Monday, October 18, 2010

Mommy Movie Review: Pinocchio

Today's movie review will be covering Pinocchio here and Charlotte's Web over at Kristi's blog.

As you remember from this post, Pinocchio is one of Addie's favorite movies(its pronunciation has changed to Nocchi.).  I hadn't seen it since I was a little girl and didn't realize how many valuable lessons there were in this one movie. **Please remember that we have the TVG box hooked up to our television so one particular word listed later in this post is hidden from us.**  (Look here, here, or here for links to TVG sites)

I believe in sitting with or being in the room with your child (and being mentally present) while they watch TV or a movie.  It keeps you aware of what they are being exposed to and gives you the power to change the video if something comes up or to teach a valuable lesson as they come up.

The first lesson that stands out to us in this movie is obedience (a very commonly used word around here).  Pinocchio was told by his father to go to school.  Instead, he disobeyed (regardless of it being intentional or not) and went with two complete strangers (the next lesson) to the theater.  As Pinocchio is trotting away with the fox and cat, I tell Addie, "See, he did not obey. Oh no!"  To which she usually repeats, "Oh no!"  (Because we have done this so much, she says it now without my prompting). After he sings his little song about not having strings and is then thrown into the birdcage, I tell Addie, "See what happened because he didn't obey?  The bad man won't let him see his daddy."  It is important to point out to our children the consequences that arise with the choices that we make.

Another lesson that can be shown is that our children are never to go off with someone they don't know.  The fox and cat were complete strangers to Pinocchio, yet he went off with them and as a result was kidnapped by Stromboli.  Children need to learn early on not to go with strangers.

The lesson of "Laying down your life for a friend" is very clear.  Pinocchio dies (got hurt- Addie is too young to understand the concept of dying) while saving his father's life.  It should also be pointed out that they never would have been in that situation if it wasn't for Pinocchio's disobedience in the first place.

Smoking, drinking and playing pool are shown in the movie, but they are viewed very negatively.  I also like the fact that destructive behavior and disobedience is shown to be bad behavior.  When the "bad man" says that he is looking for boys to take to Pleasure Island, he says that he is looking for "Bad boys. You know, the disobedient ones".    When Lampwick strikes a match by swiping it across the Mona Lisa, Addie usually shouts, "Bad boy!"  Modern movies have blurred the lines of good and bad behavior so much that it is hard to use them to show our children specific behaviors.  Many times, bad behavior is shown to have a good end.  A very confusing message to send to our children.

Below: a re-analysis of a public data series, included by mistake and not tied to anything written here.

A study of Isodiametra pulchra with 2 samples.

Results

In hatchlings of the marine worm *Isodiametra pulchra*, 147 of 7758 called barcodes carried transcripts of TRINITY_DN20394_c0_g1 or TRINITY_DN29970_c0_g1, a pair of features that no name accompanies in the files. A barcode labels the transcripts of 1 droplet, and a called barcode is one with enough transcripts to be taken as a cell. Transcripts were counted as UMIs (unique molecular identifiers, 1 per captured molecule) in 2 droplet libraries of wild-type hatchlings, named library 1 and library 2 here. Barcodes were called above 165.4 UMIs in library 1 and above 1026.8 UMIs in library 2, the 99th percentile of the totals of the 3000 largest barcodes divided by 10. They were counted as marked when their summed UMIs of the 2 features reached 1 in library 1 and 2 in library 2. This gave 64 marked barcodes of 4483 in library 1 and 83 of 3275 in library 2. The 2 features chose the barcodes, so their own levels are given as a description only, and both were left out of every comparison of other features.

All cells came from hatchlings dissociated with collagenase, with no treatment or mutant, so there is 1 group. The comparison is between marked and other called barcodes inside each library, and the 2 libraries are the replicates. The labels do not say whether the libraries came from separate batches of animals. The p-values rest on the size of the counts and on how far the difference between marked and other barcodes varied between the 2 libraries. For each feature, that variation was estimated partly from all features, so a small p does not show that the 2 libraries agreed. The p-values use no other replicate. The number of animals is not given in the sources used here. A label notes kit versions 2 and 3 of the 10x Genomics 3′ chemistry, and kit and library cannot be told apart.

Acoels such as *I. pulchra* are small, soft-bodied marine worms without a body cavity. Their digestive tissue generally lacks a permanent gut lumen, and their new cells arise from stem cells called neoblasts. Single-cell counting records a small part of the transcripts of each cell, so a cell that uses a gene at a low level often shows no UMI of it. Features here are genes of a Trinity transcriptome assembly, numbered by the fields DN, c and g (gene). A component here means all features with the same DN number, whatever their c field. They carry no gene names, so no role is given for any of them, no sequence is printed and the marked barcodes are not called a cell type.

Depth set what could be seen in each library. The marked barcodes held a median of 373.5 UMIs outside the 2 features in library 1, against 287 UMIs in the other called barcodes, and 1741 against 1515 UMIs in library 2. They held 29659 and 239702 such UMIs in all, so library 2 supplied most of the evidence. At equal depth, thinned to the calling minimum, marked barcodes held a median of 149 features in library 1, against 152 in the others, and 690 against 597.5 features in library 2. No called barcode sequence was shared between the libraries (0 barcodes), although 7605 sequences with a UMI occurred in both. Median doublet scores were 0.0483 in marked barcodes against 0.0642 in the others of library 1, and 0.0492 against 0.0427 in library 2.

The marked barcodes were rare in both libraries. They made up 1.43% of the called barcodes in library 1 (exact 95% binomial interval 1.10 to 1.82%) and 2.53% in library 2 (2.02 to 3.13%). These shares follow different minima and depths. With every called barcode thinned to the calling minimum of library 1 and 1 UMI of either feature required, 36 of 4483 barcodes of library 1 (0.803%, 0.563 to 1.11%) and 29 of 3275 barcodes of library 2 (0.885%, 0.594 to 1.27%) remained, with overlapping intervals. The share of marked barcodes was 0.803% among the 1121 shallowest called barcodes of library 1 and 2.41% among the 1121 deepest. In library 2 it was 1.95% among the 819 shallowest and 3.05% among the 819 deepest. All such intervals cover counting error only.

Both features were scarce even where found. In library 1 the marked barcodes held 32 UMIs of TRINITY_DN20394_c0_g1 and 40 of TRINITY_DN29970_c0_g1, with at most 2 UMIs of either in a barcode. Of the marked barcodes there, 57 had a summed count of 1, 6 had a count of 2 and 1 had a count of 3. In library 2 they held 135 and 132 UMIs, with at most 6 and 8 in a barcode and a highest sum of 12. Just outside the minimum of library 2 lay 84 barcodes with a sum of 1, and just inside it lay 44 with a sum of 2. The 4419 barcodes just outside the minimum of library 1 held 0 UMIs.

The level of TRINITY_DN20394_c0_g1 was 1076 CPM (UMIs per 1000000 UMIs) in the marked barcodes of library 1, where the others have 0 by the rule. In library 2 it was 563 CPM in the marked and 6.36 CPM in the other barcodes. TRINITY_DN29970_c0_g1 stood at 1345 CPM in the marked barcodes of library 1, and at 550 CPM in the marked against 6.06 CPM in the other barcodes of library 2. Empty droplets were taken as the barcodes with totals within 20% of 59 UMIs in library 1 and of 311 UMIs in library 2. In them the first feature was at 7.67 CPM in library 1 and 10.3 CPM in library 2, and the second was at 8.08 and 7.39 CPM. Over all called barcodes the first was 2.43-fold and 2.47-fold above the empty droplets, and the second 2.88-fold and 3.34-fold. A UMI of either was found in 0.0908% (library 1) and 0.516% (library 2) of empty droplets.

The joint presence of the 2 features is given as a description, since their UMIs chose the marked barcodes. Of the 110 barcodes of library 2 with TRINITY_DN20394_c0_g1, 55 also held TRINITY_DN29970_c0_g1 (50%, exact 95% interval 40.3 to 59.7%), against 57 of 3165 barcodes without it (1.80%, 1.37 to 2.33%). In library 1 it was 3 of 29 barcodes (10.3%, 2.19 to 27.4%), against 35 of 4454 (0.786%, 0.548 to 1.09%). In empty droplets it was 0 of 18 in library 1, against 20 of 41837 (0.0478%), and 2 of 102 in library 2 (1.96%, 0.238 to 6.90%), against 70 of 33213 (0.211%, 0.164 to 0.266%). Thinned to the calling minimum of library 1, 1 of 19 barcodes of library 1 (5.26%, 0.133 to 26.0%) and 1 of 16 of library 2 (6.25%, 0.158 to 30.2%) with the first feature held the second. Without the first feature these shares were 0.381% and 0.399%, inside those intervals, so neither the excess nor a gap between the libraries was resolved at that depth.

Pinocchio is most known for his growing nose, so I was surprised that it only happens one time throughout the entire movie.  But one time is sufficient enough, and the lesson taught stays with with you. "A lie keeps growing and growing until it's as plain as the nose on your face."  Children are shown that "little white lies" are wrong. A lie is a lie. 

One word is used several times to describe what a bad boy is equivalent to.  Because of our TVG, the word "jack as*" is muted out and a replacement phrase is put up on the screen.  When I fill in the blanks for Addie, I usually replace that word with "donkey".  It is important to keep the word donkey in their because of the consequences the boys face after enjoying their willful, wrong, and destructive behavior- they turn into donkeys.  A great lesson to be learned- your actions reveal what you really are.

There is a part in the movie (when the fox, cat, and the "bad man" are in a tavern talking about their plan to take bad boys to Pleasure Island) where the bad man makes a scary face. It takes half a second, but it is enough to be a bit scary. (I usually fast forward that because I know Addie was scared the first time we saw it.)

There is a Blue Fairy who makes three appearances (actually two, her voice is all you hear at the end).  I am not one for fairies or other magical things, but because she does not use any spells of any kind (in my opinion) she doesn't bother me.  She reminds me more of Tinkerbell from Peter Pan (I don't know what she has been like in any other movie she's been in recently),

Rating: This Mommy rates Pinocchio as a 9, because it is one that I do need to sit or be aware while it's on, and I cannot just turn it on and walk away (for myself).

As for my rating on Charlotte's Web, I give it a 9 as well.  The animals are a huge plus to small children, and the story pretty much stays in track with the classic it is taken from.  Because of the issues of dying or the pig being killed, small children may not understand that aspect of the movie (hence the 9).  But Julia Roberts does an amazing job as the voice of Charlotte and had Faye and me in tears at the end when Charlotte dies (goes away for small children).  Wilbur the pig is the sweetest little pig you have ever seen, and the rest of the cast of characters from the barn are quite endearing.